How open source technologies could dramatically reduce the cost of tagging green sea turtles.


Turtle tagging, Principe

I often like to describe the experience of working with green sea turtles (Chelonia mydas) to that of working with modern day dinosaurs. A reptile – the green sea turtle’s ancestors evolved on land and returned to sea over 140 million year ago, having witnessed both the evolution and extinction of dinosaurs - yet today they are classified as Endangered by the IUCN Red List of Threatened Species.

Threats include habitat destruction and the loss of their nesting beaches, plastic pollution in the ocean (plastic bags can be mistaken for jelly fish by sea turtles and are responsible for a great number of deaths) and bycatch through commercial fishing practices.

As a Technical Specialist within the ZSL Conservation Technology Unit, it’s my job to research and understand how the latest technological advances can be utilised to better protect and conserve species and their habitats globally. I am a firm believer in the implementation of open source technologies and an advocate of knowledge sharing to drive forward open solutions to achieve this. 

In the case of the green sea turtle, we recently embarked on a unique project to dramatically reduce the cost of tagging green sea turtles and acquire spatial and behavioural data using open source principles and technologies for the Príncipe Trust. The Trust’s goal is to promote the sustainable development of Príncipe island through research into nature conservation, tropical agriculture and education. Príncipe is the smaller, northern major island of the country of São Tomé and Príncipe lying off the west coast of Africa.

Their turtle monitoring program actively patrols and protects the many beaches used by sea turtles across the island and they wanted to understand the movement of nesting turtles to better protect their important marine habitats.

It’s traditionally expensive to tag sea turtles and collect spatial data. You need a robust waterproof enclosure capable of protecting the electrical components inside at great depths, satellite connectivity and advances such as salt water switch triggers and fast GPS acquisitions to achieve a GPS lock within seconds when the sea turtles come up to the surface to take a breath.

Commercial tags cost in excess of $2,000, and although well suited for the job and used extensively, we wanted to explore how new advances in open source manufacturing and technologies could achieve the same results, but at a dramatically reduced cost.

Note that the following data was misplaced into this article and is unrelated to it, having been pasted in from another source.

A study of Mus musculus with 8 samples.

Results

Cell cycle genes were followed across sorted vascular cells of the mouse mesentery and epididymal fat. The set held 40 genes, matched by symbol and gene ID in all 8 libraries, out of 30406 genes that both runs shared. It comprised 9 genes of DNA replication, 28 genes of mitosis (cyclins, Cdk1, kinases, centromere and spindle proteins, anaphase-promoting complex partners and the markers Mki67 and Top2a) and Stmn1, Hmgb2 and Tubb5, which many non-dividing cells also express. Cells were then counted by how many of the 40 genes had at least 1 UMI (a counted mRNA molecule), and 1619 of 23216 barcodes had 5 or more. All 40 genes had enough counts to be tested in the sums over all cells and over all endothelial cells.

Mataki tags with size comparisson next to coins
Mataki tags

To do this, we worked with Luka Mustafa, a Shuttleworth Foundation Fellow and the founder of Inštitut IRNAS Rače. Luka’s team is pushing forward the boundaries of open source hardware development and design and were tasked with the challenge of creating an enclosure to host a low cost Mataki tag and AX3 accelerometer. Mataki tags, developed by Dr Robin Freeman of the Institute of Zoology at ZSL, are capable of transmitting logged data wirelessly via radio to Mataki base stations.

We wanted to place base stations on the known nesting beaches, tag the turtles with the new low cost tag and automagically acquire the logged data recorded by the Mataki when they returned to their nesting beaches. We nicknamed the tag the “Pit stop tag” as we designed it to be removable via a base plate, enabling researchers and beach guards to “swap” a tag out and replace it with a freshly charged tag without needing to apply fresh epoxy to attach and fix the tag in position.

We trialled the tag in January (2016) together with researchers from the University of Exeter. Green sea turtles will lay clutches of eggs 4 – 5 times every 10 – 14 days, so we tagged a turtle on its third clutch (knowing that it was loyal to the beach) and waited patiently for it to return. When it did, we were delighted to successfully communicate with the tag and download its logged data.

The tag’s enclosure costs ~$50 and the internal electronics $200, which is a dramatic cost reduction. Our next challenge is to explore and include an open source approach to rapid GPS acquisition and include a salt water switch to acquire reliable GPS locks when the turtles surface at sea. 

I see a future where open source technologies and the sharing of knowledge revolutionize the monitoring of species. Through the introduction of affordable and effective open solutions that are accessible to all, we can better collect, understand and analyse data, and importantly, act upon the knowledge acquired to make informed conservation decisions and ultimately protect and conserve endangered species such as the remarkable green sea turtle.